Five Economic Mistakes Obama is Making
To ensure long term prosperity, Obama needs to be smarter about tax cuts, stimulus spending, and his rhetoric towards business
The economy is improving, but problems remain. Should President Obama receive credit for the improvemen or blame for the problems? Obama took office after the worst financial panic since the Great Depression, and the stock market crash following his inauguration suggests that investors expected worse to follow. The economy has partially recovered, meaning at least that Obama hasn't made mistakes big enough to prevent annualized GDP growth improving from negative 6.7 percent in early 2009 to 3 percent in late 2011, and unemployment from 9.9 percent to 8.2 percent, all while core inflation has generally remained below 2 percent. But even though the economy looks promising in the short run, the administration is making mistakes that threaten long run prosperity. Here are a few:
1. Unnecessary Tax Cuts
The federal government needs revenue. Current receipts are well below the post-World War II average as a percentage of GDP. Balancing the budget by cutting spending might be better than raising taxes, but as long as spending remains high, it has to be paid for somehow.
The most prominent tax cut supported by President Obama was the reduction in the employee portion of payroll taxes from 7.65 percent to 5.65 percent for one year. The idea behind the cut was to stimulate spending by putting more money in the hands of workers. But by announcing that the cut was temporary, the administration informed workers that they should save the money, because taxes will go up next year. One of
Bank reserves are well above regulatory minimums, so additional reserves gained from worker savings will not increase lending, and so will not stimulate the economy. The tax cut will cost the federal government an estimated
Obama pushed other, less well known tax cuts. One example is bonus depreciation, enacted first in
2. Inefficient Stimulus Spending
Academic studies suggest that stimulus spending did boost the economy -- but not all spending is created equal. Infrastructure spending and aid to poor families had the biggest effects, while grants to states for education and law enforcement had negligible, or even negative effects. The only stimulus from this kind of spending is political, as the administration rewards powerful allies. The same studies show that states with more senior congressional delegations received the most per capita spending.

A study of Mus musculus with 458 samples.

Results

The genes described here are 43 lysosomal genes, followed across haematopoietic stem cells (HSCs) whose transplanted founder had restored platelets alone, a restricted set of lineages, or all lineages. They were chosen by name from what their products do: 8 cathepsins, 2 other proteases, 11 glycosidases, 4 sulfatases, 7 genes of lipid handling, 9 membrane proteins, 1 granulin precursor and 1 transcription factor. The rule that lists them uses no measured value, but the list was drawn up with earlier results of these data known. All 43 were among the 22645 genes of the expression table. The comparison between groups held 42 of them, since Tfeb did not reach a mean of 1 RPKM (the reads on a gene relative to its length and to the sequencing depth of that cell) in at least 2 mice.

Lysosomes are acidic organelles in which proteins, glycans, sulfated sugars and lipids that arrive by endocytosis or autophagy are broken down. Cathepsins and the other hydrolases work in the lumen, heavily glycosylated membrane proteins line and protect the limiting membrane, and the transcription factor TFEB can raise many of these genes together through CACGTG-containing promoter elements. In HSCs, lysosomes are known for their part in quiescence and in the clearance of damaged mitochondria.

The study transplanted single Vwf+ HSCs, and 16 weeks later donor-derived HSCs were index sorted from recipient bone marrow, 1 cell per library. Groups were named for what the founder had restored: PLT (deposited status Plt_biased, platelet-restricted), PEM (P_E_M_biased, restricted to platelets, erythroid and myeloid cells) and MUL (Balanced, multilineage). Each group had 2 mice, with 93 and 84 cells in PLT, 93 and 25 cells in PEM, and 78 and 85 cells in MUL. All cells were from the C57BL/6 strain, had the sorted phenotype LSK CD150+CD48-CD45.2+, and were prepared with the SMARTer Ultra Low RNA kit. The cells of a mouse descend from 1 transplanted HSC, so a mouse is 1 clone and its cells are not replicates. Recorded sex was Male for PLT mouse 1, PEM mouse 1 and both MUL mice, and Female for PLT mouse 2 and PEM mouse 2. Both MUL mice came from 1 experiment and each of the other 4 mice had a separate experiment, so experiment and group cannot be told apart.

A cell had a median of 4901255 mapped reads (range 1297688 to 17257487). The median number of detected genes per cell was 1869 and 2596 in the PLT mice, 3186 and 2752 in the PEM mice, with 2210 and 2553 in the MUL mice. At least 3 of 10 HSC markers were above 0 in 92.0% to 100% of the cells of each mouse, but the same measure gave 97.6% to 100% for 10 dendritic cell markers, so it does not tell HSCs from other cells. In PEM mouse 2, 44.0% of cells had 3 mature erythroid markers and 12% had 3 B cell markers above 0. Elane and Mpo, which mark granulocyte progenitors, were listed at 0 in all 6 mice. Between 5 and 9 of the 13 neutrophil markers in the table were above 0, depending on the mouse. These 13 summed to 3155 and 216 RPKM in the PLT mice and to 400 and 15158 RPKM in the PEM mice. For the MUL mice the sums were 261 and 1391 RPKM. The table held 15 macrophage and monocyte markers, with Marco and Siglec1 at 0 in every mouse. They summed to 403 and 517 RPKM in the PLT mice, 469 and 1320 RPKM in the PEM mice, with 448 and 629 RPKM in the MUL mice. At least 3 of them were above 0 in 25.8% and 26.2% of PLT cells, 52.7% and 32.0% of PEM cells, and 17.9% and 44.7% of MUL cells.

Overall, the best estimates suggest each job lasting one year created by stimulus spending cost somewhere between
The reason wasteful stimulus spending matters, of course, is that the money borrowed to pay for it must be repaid someday. That money will come from taxes, which will depress the economy. It might be worth it to gain stimulus in bad times at the cost of higher taxes in better times, but waste is still costly, so it is best to spend stimulus dollars with care.
3. Failure to Liberalize Markets
Before the financial panic of 2008-2009,
A consequence of flexibility is that unemployment rises during economic downturns. The U.S. unemployment rate briefly exceeded that of the
European countries are proposing significant deregulation of labor and other markets. Instead of stimulus, they hope that structural reform of their economies will produce growth. The U.S. economy has plenty of structural issues that could be addressed, such as the increasing number of occupations that require licensing, frivolous lawsuits, and red tape discouraging household employment.
Instead of structural reform, the Obama administration has proposed new restrictions on employers and has helped unions to reduce employer flexibility. At a time when many countries are improving their scores on indices of economic freedom,
4. Demonizing Business
Nobel Prize winning economist
While Obama's rhetoric is less harsh than FDR's, he has given business cause to worry. He has talked of "fat cat bankers," wealthy people and
Combined with new regulations on the healthcare and financial industries and constant talk of higher taxes on "the wealthiest," this rhetoric convinces businesspeople that if they invest and succeed, their profits might be taxed or regulated away.
5. No Long Term Plan
Probably the most serious shortcoming in Obama's economic strategy is the lack of a long term plan to reduce government debt. In his 2013 budget, the president claims to lay out a strategy to put "the nation on a sustainable fiscal path" but that same budget proposal contains supplemental materials forecasting that federal debt will eventually rise to nearly 200 percent of GDP, not including shortfalls in
Businesses are understandably reluctant to invest at the moment, knowing that if debt isn't reigned in there must eventually be dramatic spending reductions, tax increases, inflation, or a default on federal obligations. If they at least knew which to expect, they would invest more.